15 August 2012 | News | By BioSpectrum Bureau
Taiwan researchers tweak yeast gene to produce ethanol
Taiwan researchers have developed a simple one-step method for simultaneously introducing multiple genes into a yeast host
Singapore: A research group in Taiwan led by academician Wen-Hsiung Li, distinguished research fellow and director of the Biodiversity Research Center, along with collaborators from National Chung Hsing University recently developed a simple one-step method for simultaneously introducing multiple genes into a yeast host. Such genome technology is promising for use in the economical production of ethanol from plant cellulose, as well as many other synthetic biology applications. The research was published in the journal Biotechnology for Biofuels on July 27, 2012.
A lot of interest has been generated in the technology to produce ethanol from plant cellulose because of the abundance of natural plant biomass and the promise of reduction of greenhouse gas emissions with the use of cellulosic ethanol rather than gasoline as a fuel. Among the current possibilities for development of methods for cellulosic ethanol production, bioprocessing is preferred because of its simplicity and potential low cost.
The group of researchers from Academia Sinica's Biodiversity Research Center, Genomics Researcher Center, and Agricultural Biotechnology Research Center, and National Chung Hsing University recently invented a method by which multiple-genes can be introduced into a host organism genome in a single step. They tested the technique, which they named PGASO (Promoter-based Gene Assembly and Simultaneous Overexpression), on a yeast species called Kluyveromyces marxianus KY3 and found that the genetically modified yeast host was able to efficiently convert several celluoses into ethanol.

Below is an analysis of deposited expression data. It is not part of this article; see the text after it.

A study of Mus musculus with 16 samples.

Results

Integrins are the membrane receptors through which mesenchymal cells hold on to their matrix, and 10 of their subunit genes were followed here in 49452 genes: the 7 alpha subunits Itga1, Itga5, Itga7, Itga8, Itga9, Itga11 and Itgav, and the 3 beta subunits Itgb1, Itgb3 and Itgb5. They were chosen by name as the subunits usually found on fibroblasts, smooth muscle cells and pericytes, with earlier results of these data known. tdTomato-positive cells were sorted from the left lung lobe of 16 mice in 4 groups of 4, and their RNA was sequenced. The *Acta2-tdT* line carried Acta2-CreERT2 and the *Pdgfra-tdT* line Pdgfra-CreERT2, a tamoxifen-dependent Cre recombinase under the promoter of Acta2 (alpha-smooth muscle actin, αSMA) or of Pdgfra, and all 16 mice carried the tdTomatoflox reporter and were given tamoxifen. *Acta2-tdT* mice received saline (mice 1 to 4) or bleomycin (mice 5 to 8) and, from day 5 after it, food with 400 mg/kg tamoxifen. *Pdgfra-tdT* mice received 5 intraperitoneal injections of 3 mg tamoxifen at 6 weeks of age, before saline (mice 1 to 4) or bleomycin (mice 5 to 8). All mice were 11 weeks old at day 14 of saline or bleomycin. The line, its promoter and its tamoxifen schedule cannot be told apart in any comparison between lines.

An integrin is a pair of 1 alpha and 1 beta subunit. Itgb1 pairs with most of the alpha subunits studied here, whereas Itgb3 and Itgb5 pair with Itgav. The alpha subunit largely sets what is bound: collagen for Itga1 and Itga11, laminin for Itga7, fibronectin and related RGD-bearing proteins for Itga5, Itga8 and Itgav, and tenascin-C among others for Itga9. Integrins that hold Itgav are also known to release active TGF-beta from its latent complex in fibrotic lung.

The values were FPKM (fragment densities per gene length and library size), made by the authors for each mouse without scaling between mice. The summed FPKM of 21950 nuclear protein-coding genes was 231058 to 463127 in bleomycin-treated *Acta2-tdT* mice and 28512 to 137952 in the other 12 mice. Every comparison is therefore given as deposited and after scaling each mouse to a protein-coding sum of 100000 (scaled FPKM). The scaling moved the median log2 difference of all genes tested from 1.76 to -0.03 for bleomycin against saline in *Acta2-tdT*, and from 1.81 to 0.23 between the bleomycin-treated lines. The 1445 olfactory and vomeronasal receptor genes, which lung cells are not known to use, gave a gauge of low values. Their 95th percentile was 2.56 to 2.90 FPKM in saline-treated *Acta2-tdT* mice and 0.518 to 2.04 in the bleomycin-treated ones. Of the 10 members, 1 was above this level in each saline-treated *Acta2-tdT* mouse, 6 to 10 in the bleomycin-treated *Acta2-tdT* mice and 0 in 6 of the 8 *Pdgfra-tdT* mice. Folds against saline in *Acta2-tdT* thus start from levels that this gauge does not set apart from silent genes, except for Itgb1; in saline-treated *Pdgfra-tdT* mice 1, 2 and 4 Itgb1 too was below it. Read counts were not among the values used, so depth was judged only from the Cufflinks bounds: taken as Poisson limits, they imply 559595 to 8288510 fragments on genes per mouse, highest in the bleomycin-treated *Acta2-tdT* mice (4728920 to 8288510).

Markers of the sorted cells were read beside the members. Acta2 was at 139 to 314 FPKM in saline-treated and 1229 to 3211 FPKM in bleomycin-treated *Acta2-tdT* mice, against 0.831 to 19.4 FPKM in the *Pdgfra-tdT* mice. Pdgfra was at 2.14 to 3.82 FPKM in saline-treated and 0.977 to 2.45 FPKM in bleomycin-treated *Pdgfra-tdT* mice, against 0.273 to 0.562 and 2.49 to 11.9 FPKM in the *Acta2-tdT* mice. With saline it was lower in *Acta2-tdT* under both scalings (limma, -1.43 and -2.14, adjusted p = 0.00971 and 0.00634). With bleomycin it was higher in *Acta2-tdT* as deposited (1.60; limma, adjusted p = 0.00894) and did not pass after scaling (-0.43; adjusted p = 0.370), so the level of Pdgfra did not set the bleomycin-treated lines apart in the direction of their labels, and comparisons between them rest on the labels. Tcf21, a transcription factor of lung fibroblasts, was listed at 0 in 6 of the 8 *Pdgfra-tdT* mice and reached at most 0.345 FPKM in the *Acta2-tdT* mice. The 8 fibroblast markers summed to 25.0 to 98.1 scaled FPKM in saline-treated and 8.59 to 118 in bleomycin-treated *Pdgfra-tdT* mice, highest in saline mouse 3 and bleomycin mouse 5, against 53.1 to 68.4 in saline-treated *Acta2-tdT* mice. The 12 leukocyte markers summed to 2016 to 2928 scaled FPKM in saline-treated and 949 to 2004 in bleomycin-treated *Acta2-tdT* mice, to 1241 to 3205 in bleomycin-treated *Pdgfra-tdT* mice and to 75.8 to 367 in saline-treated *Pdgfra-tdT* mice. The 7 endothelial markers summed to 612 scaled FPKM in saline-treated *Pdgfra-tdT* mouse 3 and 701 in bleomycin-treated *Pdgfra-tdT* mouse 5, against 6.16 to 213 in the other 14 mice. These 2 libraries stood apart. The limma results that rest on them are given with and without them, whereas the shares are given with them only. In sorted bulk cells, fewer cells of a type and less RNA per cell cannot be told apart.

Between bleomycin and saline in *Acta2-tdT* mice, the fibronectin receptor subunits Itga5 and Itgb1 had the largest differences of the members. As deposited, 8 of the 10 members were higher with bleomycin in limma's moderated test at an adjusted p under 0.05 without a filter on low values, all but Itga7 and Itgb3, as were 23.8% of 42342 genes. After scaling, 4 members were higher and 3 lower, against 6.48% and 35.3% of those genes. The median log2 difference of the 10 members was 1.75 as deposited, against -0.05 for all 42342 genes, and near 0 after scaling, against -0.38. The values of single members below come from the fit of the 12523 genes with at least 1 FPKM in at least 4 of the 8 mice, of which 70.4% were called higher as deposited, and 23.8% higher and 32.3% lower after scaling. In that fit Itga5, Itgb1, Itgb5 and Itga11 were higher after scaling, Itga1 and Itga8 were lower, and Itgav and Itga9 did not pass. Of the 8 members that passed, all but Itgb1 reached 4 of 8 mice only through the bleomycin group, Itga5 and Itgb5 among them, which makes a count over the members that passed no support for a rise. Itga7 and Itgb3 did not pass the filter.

As PGASO can in principle be applied to a range of hosts and is not limited to yeast, designer microbes engineered by via the PGASO technology may also have the potential to produce bio-fuel, expensive pharmaceuticals, rare natural compounds, and even biodegrade plastic.
The researchers who, in addition to Mr Li, also included Dr Ming-Che Shih, director of the Agricultural Biotechnology Research Center, Academia Sinica; Dr Chieh-Chen Huang, professor at National Chung Hsing University, said they named their method PGASO in the hope of capturing the spirit of the artist Picasso in their work, which transforms abstract bio-information into a creation.
PGASO is superior to current technologies for genome engineering for four reasons; multiple genes can be transformed into a genome in one single step; specific upstream promoter sequences are employed for gene assembly in a pre-designed order without linker sequence; gene cassettes with individual promoters can be co-expressed with different expression levels; and PGASO is applicable to any host whose genome can be engineered via homologous recombination, said first author Dr Jui-Jen Chang.
Synthetic biology is a field of translational research that combines science and engineering. Recently, it has been dubbed the source of a possible "biological" industrial revolution. It is expected to be an upcoming key area in the commercialization of research, with close ties between academics and industry.